The beer category that’s booming this winter

Stout is having a re-birth in Australia and is now one of the fastest growing beer sub-categories.

Stout is a dark beer that includes roasted malt or roasted barley, hops, water and yeast. The word “stout” was traditionally the generic term for the strongest porters produced by a brewery, which were typically 7% or 8% alcohol by volume (ABV).

Australia’s oldest stout comes from Coopers Brewery and has been in constant production since 1879. Sales hit their peak in the 1950s when the brewer was selling more than four million litres annually, however the dark brew fell out of favour in the decades that followed.

Last winter Coopers reported sales volumes for its stout were again approaching the historic highs of the 1950s. The brewer sold 3.7 million litres of Stout in 2020, a rise of 10% on 2019, and despite a pandemic-led drop in keg sales.

“Demand for stout declined after 1975, with sales dipping to below two million litres in the early 1990s, however, we’re now back in the midst of a stout revival,” said Coopers Managing Director Dr Tim Cooper.

Endeavour Group data shows stout is growing at a rate of over 8% year-on-year in sales. Leading the pack at Dan Murphy’s and BWS is Zytho Stout, which is growing at an annual rate of more than 50%.

Endeavour has re-introduced its limited edition Zytho White Stout into Dan Murphy’s and BWS owing to popular demand.

“We asked our customers what flavours they wanted to see in the next Zytho Beer release and more than 54% asked if we could bring back Zytho White Stout – so we did!” said Billy Ryan, category manager, Craft Beer, Dan Murphy’s and BWS.

“While stout is predominantly drunk by Boomers and Gen X, Gen Z’s are switching onto stout too – at a growth rate of almost 10% – it’s definitely no longer ‘the drink your nana drinks’, as is often perceived!” 

According to Richard Kelsey, Director of Beer Cartel, there has been a dramatic uptick in sales of stouts and imperial stouts each winter in recent years, alongside many more breweries producing them in the cooler months.

“Most people in the hotter time of the year prefer something that is more refreshing and easy drinking,” he said. “Stouts in comparison feel like winter warmers, often being more complex, feeling thicker in mouth feel and something that is perfect for sipping.”

Beer expert Kirrily Waldhorn – founder of Beer Diva and commonly known as ‘Australia’s First Lady of Beer’ – agrees that stout is the perfect winter drink.

“Stout has a characteristically complex flavour profile with rich chocolate, coffee and roasted nut notes, creating the perfect indulgent drink to snuggle up by the fire with on a cold winters’ night,” she said.

Interestingly, not all states love their stout equally. CGA by NielsenIQ’s latest OPUS data shows that craft beer drinkers in the on-premise have very different taste depending on their state of origin. NSW stout drinkers (20% of craft beer drinkers) are much more prevalent than their Queensland counterparts (11%).

As for Zytho White Stout, it offers a fresh take on classic dark stout. It’s light in colour but comes with all of the roasty toasty complexity that you would expect from a dark stout.  The background smokiness is interlaced with rich coffee and a hint of vanilla, with an intense rush of dark chocolate on sip, creating a delicious, easy-drinking drop.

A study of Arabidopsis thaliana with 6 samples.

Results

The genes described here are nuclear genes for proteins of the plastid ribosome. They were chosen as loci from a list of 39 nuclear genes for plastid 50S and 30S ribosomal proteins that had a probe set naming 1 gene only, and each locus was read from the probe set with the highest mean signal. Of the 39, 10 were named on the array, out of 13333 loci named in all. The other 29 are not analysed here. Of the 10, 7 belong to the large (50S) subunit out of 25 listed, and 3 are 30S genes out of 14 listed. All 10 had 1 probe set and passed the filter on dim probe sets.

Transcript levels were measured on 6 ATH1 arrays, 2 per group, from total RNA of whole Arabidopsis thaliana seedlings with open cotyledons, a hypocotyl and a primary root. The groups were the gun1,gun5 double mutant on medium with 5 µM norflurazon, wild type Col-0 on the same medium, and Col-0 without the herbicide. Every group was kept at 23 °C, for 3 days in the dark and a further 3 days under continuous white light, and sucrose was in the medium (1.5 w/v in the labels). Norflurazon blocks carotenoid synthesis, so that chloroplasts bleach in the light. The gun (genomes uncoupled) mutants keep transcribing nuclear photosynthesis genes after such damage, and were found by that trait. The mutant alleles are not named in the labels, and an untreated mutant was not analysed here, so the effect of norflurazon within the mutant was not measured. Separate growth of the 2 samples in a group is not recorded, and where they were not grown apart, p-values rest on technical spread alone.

“The Zythophiles at Zytho Brewing have done a fantastic job with this oxymoronic, ‘It don’t matter if you’re black or white’ White Stout that will challenge any perceptions or predispositions that one may have with the traditional stout style,” she said.

“Pouring a light amber, the nose offers up a soft roast with hints of cocoa powder, which translate beautifully onto the palate, bringing into the fore, roasty characters that nicely interplay with delicate caramel notes from the lighter malt base and a touch of vanilla.” 

Zytho also produces a Velvet Luxe Stout that features aromas of coffee, cream, raisin and dark chocolate with a full and rich palate.

“For those who have a preference for the dark side, Zytho White Stout’s big sister, Velvet Luxe Stout, does exactly what it says on the can,” Waldhorn said.

“Delightfully delivering on the expectations of a stout – aromas of rich coffee and chocolate entice the nostrils. On the palate, these characters play beautifully together, bringing along for the ride, a touch of fruit and a silky creaminess.”

Zytho White Stout has an RRP of $80 x 24-case; $20 x 4-pack; $6 ea. Zytho Velvet Luxe Stout is RRP $74 x 24-case; $19 x 4-pack; $6.50 ea.

Guinness shouts free stout

To encourage drinkers into the pub to enjoy a stout at its prime, Guinness has launched a promotion called Guinness Weather, allowing punters to redeem a free pint of Guinness Draught as soon as the temperature drops to ideal consumption conditions.

Winter is the best season for enjoying a Guinness, however a lesser known fact is the optimum temperature to pour a pint of the black stuff is between 5 and 7 degrees, so when the temperature drops to 5 and 7 degrees outside, the promotion activates.

“Everyone thinks about Guinness on St Patrick’s Day but the campaign aims to remind drinkers that winter is the best time to enjoy a Guinness, and a great time to get people together enjoying a pint in their local pubs,” said Connections Director Ed Stening.

Guinness lovers can check out the website housing an official Guinness Digital Thermometer, which gauges the temperature on the border of NSW and Victoria. The promotion will run throughout July or until keg stocks last.